Record high peatland restoration

Improving climate change resilience.

More than 10,000 hectares of damaged peatland has been restored in Scotland over the last year, reducing harmful emissions and accelerating progress to net zero.

Ahead of World Peatlands Day on 2 June, the average rate of peatland restoration has more than doubled in the last two years and, thanks to more than 100 projects across the country, 2023-24 saw 10,360 hectares restored – the highest amount achieved in a single year.

Peatlands cover nearly two million hectares of Scotland – with nearly three-quarters of these degraded – and account for two-thirds of the UK’s peatland.

The Scottish Government has pledged £250 million to restore damaged peatlands, which release harmful greenhouse gases into the atmosphere, accounting for around 15% of Scotland’s emissions.

Agriculture Minister Jim Fairlie said:

“Restoring degraded peatland is one of the most cost-effective ways we can reduce carbon emissions and fight climate change. There are many benefits, such as reducing flooding risks, improving water quality and improving local biodiversity.

“Increasing private investment in peatland restoration and maximising the community benefits from these projects is crucial. By increasing the pace and scale of peatland restoration we can restore our natural environment and tackle climate change more effectively and I am very pleased to mark this achievement ahead of World Peatlands Day.

“I want to thank everyone across the Peatland ACTION partnership for all their hard work and commitment this year on achieving this significant milestone.”

NatureScot Chair, Professor Colin Galbraith said:

“As key partners in the Scottish Government’s Peatland ACTION partnership, NatureScot is accelerating the vital work needed to reach the ambitious target of 250,000 hectares of peatland being restored by 2030.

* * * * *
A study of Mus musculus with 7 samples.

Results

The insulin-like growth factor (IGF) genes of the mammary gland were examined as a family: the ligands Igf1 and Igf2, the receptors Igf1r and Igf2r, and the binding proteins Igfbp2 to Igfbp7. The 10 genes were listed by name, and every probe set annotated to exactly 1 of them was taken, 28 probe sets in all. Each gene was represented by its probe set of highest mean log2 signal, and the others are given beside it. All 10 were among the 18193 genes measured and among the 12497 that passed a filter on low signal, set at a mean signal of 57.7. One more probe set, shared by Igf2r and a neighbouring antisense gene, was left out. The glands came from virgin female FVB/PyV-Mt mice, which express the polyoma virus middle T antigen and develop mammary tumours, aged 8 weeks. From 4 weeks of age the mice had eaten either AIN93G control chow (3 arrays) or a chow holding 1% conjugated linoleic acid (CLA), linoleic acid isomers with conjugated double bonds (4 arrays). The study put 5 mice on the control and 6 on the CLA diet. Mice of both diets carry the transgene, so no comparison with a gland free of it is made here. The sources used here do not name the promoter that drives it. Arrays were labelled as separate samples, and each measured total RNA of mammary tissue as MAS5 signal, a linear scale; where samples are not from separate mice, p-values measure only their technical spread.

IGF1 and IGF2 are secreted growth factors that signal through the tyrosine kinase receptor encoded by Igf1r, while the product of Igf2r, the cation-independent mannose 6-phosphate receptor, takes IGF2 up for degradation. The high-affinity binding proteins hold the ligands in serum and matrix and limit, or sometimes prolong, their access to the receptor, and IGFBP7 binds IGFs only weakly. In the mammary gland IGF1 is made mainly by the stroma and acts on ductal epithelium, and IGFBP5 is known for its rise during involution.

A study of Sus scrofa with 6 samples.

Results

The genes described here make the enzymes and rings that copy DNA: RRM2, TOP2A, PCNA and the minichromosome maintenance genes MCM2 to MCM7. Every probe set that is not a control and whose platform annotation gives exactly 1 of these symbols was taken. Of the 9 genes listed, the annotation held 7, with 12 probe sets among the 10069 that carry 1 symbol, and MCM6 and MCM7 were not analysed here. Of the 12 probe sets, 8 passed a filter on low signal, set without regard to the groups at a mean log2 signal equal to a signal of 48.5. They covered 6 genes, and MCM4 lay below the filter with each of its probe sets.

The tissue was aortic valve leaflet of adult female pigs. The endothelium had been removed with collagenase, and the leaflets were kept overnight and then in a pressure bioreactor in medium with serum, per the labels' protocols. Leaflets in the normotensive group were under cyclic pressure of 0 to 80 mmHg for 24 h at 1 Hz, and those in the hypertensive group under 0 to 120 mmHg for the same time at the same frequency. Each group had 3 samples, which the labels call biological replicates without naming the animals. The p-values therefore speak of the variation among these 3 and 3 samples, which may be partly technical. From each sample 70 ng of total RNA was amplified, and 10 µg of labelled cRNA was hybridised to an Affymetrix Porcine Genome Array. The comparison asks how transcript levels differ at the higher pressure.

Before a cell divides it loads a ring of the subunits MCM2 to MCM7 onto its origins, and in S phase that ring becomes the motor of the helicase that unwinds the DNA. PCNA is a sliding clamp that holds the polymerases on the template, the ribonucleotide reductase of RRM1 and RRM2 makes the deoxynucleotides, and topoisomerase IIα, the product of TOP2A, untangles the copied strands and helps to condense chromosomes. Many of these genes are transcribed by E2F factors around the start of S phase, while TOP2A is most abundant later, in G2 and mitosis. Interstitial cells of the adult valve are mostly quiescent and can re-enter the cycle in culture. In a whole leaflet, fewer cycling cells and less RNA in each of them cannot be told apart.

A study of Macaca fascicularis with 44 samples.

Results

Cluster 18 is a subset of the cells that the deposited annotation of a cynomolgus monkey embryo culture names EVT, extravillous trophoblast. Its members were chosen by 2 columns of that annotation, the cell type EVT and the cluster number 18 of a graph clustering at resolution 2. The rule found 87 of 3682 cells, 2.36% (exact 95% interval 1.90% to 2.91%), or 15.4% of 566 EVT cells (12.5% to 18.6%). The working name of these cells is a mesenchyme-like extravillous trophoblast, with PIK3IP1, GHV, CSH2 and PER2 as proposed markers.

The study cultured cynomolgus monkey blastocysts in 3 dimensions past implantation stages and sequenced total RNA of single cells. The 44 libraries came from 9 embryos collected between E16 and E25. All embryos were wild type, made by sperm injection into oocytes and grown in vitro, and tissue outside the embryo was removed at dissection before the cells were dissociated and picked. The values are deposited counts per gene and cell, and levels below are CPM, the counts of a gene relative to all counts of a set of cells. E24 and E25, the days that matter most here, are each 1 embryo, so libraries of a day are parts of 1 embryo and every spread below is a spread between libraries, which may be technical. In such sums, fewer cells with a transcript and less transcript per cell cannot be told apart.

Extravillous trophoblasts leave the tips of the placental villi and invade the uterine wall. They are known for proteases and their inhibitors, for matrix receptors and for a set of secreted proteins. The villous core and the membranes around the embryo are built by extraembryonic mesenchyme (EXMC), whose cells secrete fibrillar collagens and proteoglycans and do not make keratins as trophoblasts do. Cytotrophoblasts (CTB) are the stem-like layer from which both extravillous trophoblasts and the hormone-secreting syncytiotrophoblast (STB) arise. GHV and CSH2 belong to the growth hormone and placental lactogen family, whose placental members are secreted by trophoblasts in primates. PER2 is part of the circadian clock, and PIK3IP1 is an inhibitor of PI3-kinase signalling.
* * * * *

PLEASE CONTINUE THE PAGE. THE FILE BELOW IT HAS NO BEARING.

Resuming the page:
“Putting Scotland’s degraded peatlands on the road to recovery makes a vitally important contribution to reducing greenhouse gas as well as providing broader benefits for biodiversity and water management.

“Collectively, these reduce flood and fire risk and increase community resilience to the climate emergency.”


Peatland ACTION - Data mapping portal | NatureScot

The Scottish Government funds five direct delivery partners to carry out peatland restoration projects through the Peatland ACTION Partnership - NatureScot, Forestry and Land Scotland, Cairngorms National Park Authority, Loch Lomond and Trossachs National Park Authority and Scottish Water. More information can be found here: Peatland ACTION

Healthy peatlands have a central role in mitigating and adapting to the linked climate and nature emergencies.  In good condition, peatlands provide multiple co-benefits: capturing and storing carbon, supporting nature, reducing flood risk, improving water quality and providing places that can support physical and mental wellbeing.

Peatlands can be restored in various ways, such as re-wetting the land by installing dams to block drains, smoothing ploughed ridges and furrows, and removing trees and reducing grazing intensity.

Scotland’s Nature blog - World Peatlands Day – reasons to celebrate!